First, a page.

CAIRO, Oct. 23 (UPI) -- The star of an Arab television series to be broadcast during the holy month of Ramadan Wednesday defended basing it on the Elders of Zion, regarded by experts as an anti-Semitic document forged by the tsarist Russian police.
Muhammad Subhi told United Press International the 30-part series, titled "A Knight without a Horse," was not anti-Semitic but, "an artistic work meant to show the Zionist plots against the Arab nation."
The Israeli authorities have denounced the series for promoting anti-Semitic fabrications and Deputy Foreign Minister Michael Melchior has said the production is in contravention of the 1979 Israeli-Egyptian peace accord, which calls on both sides to prevent incitement against each other.
A special committee formed by Egyptian TV recommended going ahead with the program without changes, ruling that "it does not oppose the Jewish religion but exposes the Balfour Declaration and the Zionist plan to occupy Palestine."
Broadcasting the series is set to begin on Egypt's Channel 2 on the first day of Ramadan that should fall on Nov. 6. It will be shown at peak viewing time in Egypt.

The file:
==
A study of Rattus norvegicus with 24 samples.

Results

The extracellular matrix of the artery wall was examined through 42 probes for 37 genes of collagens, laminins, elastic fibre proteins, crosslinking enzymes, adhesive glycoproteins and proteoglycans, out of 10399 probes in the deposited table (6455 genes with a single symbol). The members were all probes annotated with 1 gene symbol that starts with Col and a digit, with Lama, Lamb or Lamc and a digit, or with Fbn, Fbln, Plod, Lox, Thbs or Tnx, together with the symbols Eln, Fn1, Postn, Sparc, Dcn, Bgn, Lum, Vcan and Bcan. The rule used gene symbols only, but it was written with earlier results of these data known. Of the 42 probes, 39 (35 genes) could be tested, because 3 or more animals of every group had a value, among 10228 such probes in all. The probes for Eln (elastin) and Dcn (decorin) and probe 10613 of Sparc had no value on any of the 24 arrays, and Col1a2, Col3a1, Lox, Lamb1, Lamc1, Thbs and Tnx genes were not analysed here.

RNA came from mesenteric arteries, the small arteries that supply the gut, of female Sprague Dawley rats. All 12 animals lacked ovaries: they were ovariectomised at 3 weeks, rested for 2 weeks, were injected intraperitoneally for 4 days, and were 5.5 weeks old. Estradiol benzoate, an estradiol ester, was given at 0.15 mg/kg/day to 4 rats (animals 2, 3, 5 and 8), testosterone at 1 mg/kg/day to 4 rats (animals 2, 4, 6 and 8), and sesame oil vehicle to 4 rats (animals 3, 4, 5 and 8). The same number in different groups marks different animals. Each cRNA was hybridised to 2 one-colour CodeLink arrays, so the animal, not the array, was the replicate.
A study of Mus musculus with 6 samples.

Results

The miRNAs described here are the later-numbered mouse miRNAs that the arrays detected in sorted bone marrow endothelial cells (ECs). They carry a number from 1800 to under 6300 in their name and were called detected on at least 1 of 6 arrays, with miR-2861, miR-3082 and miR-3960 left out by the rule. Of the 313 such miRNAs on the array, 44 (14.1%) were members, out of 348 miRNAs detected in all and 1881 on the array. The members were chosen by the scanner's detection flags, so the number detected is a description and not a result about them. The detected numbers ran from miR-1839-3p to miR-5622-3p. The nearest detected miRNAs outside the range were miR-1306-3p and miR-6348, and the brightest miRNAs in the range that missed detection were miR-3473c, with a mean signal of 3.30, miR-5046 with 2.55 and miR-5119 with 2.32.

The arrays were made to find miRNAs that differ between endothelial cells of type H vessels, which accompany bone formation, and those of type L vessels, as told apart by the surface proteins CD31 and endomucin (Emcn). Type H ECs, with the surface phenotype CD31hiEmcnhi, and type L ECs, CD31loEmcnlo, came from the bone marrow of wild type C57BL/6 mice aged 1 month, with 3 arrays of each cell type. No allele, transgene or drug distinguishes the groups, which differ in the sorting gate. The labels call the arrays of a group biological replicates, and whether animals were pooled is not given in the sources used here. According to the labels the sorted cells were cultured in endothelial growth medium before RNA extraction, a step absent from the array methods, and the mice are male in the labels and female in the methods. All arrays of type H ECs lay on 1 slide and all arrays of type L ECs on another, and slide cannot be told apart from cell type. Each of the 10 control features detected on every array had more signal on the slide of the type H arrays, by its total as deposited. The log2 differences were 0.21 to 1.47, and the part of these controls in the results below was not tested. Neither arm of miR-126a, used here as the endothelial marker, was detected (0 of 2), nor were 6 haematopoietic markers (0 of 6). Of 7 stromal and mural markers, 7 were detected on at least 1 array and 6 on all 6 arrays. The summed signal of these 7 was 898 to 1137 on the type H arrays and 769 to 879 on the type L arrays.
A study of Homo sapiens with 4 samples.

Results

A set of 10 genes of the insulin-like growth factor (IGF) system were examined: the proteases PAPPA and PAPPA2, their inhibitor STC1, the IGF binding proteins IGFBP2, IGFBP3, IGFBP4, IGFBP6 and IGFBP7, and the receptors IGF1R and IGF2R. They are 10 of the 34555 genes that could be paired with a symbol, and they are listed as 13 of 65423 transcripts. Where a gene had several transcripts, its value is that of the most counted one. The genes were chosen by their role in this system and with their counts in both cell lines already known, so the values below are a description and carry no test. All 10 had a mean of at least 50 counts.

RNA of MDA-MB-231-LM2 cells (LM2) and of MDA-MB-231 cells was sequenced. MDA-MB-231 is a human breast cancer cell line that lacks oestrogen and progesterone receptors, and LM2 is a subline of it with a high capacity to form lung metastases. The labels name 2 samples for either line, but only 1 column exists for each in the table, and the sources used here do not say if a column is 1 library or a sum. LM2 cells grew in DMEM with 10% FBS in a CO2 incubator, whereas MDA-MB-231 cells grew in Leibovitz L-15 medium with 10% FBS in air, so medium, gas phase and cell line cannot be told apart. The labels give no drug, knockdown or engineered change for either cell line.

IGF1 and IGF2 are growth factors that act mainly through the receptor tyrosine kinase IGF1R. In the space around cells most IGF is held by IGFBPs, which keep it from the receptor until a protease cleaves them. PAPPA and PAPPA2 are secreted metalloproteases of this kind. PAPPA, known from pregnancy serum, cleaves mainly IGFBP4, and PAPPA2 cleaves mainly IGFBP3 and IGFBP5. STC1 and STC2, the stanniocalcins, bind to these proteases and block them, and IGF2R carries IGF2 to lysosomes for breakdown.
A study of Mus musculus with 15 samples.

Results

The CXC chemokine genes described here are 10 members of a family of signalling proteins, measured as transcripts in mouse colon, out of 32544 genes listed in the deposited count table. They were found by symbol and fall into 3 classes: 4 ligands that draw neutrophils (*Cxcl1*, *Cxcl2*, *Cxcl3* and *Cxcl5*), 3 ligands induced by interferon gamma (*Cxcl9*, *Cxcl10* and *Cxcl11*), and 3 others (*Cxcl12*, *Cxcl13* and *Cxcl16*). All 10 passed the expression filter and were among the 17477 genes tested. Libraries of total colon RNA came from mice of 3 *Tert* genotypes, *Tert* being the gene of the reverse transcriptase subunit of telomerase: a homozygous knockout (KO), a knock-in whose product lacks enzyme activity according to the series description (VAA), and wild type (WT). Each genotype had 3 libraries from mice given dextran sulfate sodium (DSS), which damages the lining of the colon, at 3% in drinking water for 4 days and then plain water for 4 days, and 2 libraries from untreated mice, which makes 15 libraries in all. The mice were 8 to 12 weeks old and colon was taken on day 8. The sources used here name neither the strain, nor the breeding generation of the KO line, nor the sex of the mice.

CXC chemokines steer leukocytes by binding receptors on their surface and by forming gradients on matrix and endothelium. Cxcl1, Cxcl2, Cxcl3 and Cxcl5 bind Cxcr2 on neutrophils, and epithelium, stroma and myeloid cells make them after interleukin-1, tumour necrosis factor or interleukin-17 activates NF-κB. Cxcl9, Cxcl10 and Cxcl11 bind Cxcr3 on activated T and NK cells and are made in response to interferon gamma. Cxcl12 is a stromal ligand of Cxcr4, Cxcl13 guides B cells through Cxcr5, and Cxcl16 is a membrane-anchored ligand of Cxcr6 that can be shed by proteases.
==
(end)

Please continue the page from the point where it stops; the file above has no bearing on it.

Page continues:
The series tells the story of an Egyptian popular hero, Hafiz Najib, who lived in the 19th century and fought the British forces occupying Egypt. The series ends with the Balfour Declaration of 1917 in which the British Foreign Secretary Lord Balfour announced support for a Jewish homeland in Palestine.
Subhi considers the declaration to have been an English Zionist conspiracy not only favoring a Jewish homeland but also aimed at partitioning the Arab world.
In the series, Najib's struggles take place in the context of plots to control the world attributed to Jews in the spurious Protocols.
In 1993, a Russian court declared the Protocols to be an anti-Semitic forgery. Contemporary evidence shows that it was written by Tsar Nicholas II's secret police in 1903.
The document claims to be an agreement by a group of Jewish elders meeting in Switzerland in 1897 to plot Jewish hegemony through the destruction of Christian civilization. It was first published in Russia shortly before the 1903 Odessa pogrom directed against Jews in the Black Sea port city.
Subhi told the weekly Rose al Yusuf the series, based on a number of what he called historical documents, including "The Protocols of Zion," traced the roots of the Zionist movement and its efforts to establish a homeland for the Jews.
While Jews consider "The Protocols" to be "fabricated propaganda distorting their image, Subhi told Rose al Yusuf, "I checked and found that 19 out of 24 protocols in the book were effectively achieved."
In the past, Subhi has praised Lebanese Hezbollah leader Hassan Nasrallah for rejecting calls to normalize relations with Israel and said he wished the Arabs had a leader like Iraqi President Saddam Hussein.